London markets have contracted a day after the Bank of England pushed ahead with interest rate hikes at successive meetings for the first time since 2004.
The premier FTSE 100 index has fallen by 0.1 per cent today while the FTSE 250, London’s midcap index, is down by 0.55 per cent.
Today the governor of the Bank of England issued a bleak warning that inflation, already at its highest level for 30 years, could hit seven per cent by April raising concerns of a tightening income squeeze for UK households. It comes a day after the UK’s central bank raised interest rates to 0.5 per cent.
“Inflation concerns are looming ever larger with the cost of living squeeze intensifying as monetary policy tightening ramps up, and no let-up in soaring energy prices in sight,” said Susannah Streeter, senior investment and markets analyst for Hargreaves Lansdown.
“With a more aggressive attitude coming from the Bank of England towards reining in inflation, it has set the tone for more anxiousness about the effect of sharply rising prices will have on consumer confidence and corporate resilience,” she continued.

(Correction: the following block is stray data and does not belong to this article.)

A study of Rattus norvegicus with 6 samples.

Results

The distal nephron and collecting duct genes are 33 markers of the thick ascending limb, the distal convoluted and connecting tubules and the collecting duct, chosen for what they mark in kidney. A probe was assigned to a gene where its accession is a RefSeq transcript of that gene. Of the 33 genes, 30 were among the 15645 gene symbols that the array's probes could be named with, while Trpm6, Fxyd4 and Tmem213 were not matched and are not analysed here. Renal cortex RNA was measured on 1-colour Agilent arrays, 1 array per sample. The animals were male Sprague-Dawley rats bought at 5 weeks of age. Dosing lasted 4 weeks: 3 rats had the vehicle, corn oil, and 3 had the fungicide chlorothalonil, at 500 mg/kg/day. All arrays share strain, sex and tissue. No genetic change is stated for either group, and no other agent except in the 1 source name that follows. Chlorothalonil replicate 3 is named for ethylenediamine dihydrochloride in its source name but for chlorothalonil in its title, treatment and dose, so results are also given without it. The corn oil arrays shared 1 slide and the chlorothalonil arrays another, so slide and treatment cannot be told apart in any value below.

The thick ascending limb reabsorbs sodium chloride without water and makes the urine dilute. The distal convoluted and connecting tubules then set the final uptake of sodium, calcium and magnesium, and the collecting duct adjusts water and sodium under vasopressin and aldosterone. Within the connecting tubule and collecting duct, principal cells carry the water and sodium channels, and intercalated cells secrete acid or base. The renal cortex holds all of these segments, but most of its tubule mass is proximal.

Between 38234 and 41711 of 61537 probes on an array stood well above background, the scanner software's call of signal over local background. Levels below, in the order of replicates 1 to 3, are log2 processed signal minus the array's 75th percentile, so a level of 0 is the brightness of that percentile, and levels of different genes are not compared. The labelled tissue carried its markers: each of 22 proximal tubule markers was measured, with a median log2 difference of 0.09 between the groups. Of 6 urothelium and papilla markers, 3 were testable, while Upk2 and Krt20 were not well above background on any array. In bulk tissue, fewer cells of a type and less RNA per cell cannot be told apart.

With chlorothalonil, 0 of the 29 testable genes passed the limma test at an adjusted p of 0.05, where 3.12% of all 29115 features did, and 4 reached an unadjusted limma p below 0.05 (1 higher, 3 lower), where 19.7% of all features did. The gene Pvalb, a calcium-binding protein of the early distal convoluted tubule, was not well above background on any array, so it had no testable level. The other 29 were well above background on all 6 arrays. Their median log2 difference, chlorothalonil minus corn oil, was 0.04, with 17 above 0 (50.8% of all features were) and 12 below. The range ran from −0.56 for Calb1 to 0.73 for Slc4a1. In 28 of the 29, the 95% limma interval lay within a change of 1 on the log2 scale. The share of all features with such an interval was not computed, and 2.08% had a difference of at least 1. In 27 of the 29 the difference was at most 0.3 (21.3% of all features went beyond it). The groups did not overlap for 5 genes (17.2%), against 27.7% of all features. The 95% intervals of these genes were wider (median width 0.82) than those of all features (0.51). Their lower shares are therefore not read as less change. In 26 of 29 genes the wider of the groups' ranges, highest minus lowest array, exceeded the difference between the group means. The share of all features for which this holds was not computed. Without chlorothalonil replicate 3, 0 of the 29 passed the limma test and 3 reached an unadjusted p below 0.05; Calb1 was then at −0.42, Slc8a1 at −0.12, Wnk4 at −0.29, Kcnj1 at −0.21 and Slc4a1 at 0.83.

The FTSE 100 index touched lows of 7,520.63 points as financial and industrial stocks led losses. Retail investment platform Hargreaves Lansdown fell by 3.32 per cent following hawkish comments from the Central Bank. Natwest and Barclays tumbled by two per cent.
On the flip side, the FTSE 100 index was boosted by Energy stocks, which rose 3.2 per cent as oil prices climbed on US supply concerns. Shell is leading gains at 3.19 per cent while BP climbed 2.41 per cent.
It was a similar story for the FTSE 250 index with TBC Bank leading losses as it fell 3.23 per cent. Meanwhile, consulting company John Wood Group led gains with a rally of 3.85 per cent.
In a sign that the mood is sour across global markets Europe’s STOXX 600 index sunk by 1.18 per cent today while the US’ Nasdaq closed down by 3.74 yesterday as tech stocks led losses.